You must find a reason to fall in love with your art every time you approach your canvas. Devoid of this, the translation of thought to reality will reveal itself as an insurmountable wall. Must your work always have meaning to it beyond mere fascination? I personally don’t think so. 

My affection for my art was reignited when it became a reflection of my changing dialect with the world around me. I perceive it as an intimate relationship, one that is nurtured by wants and needs, susceptible to external pressures, but sharpened by a fervent dedication to reinterpreting your bride with the passage of time. 

In the embryonic days of my voyage into the seas of creation, I adopted grandiose visions of what my art should be and do, visions that were desirable yet blinding. Ambitious strides toward veneration often met a festering frustration that gradually corroded my capacity to remain content with the present. 

Overwhelmed and unfulfilled, one day you may think, “Maybe I should give it all up.” Then you think, very quietly, “That path I crossed on my way from school would be a great spot to shoot at.” “The sky was just a bit more colourful today than it was yesterday.” “The alignment of trees on this trail would make for a great composition.” “I wonder if person x would be down to shoot this weekend.” “Maybe I was overreacting.”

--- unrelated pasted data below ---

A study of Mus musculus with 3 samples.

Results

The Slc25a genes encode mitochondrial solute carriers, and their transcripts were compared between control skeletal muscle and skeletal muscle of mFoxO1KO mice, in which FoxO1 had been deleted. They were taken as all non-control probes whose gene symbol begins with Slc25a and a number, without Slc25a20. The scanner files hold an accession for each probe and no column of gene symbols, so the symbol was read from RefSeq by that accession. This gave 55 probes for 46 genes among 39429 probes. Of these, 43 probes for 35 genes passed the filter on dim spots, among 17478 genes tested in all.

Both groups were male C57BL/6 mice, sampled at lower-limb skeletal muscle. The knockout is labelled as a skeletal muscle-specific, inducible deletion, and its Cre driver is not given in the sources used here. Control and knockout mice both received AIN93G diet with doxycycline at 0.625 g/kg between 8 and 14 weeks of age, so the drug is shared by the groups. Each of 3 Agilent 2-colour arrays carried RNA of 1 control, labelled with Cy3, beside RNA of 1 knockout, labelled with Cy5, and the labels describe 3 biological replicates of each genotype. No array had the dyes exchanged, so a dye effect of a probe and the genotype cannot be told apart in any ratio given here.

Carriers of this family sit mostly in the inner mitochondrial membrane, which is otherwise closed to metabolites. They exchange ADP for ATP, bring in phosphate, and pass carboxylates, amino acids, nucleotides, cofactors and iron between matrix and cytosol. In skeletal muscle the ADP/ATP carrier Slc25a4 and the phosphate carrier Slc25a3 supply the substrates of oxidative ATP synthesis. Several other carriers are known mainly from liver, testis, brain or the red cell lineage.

The present will begin to reveal to you that slowly but surely, your eye is becoming more keen. You are able to perceive detail better, colours and combinations more accurately, and your mind is able to more vividly compose imaginary scenes that bring together assets strung across starkly different but surprisingly compatible outlets. All of a sudden, you can picture the vintage piece your friend once wore, complementing the aesthetic of that one graphic alleyway you often pass on your way to the mall. 

In this process, you find yourself hungrier to experiment and bring ideas and people together. Following this, in a sense, your ambitions become a lot more momentary: I want to edit this photo, I want to create this design, I have this vision for how I can combine this and that. These short bursts of energy and inspiration become a lot more consistent, and much more centred on processes than outcomes. The world around you becomes a lot more romantic, and the atmosphere becomes one that naturally propels your mind towards worlds previously unimaginable scenes that you can’t wait to bring to through art. 

As a Black creator, it is often easy to feel lost in the universe. More so, dedicating yourself to art and creation often comes at costs too high. I ask you to repeatedly fall in love again, and not tire of that sensation. Learn to interpret the flows of the world around you and to channel that into the evolution of your work. What goes too long unchanged often destroys itself.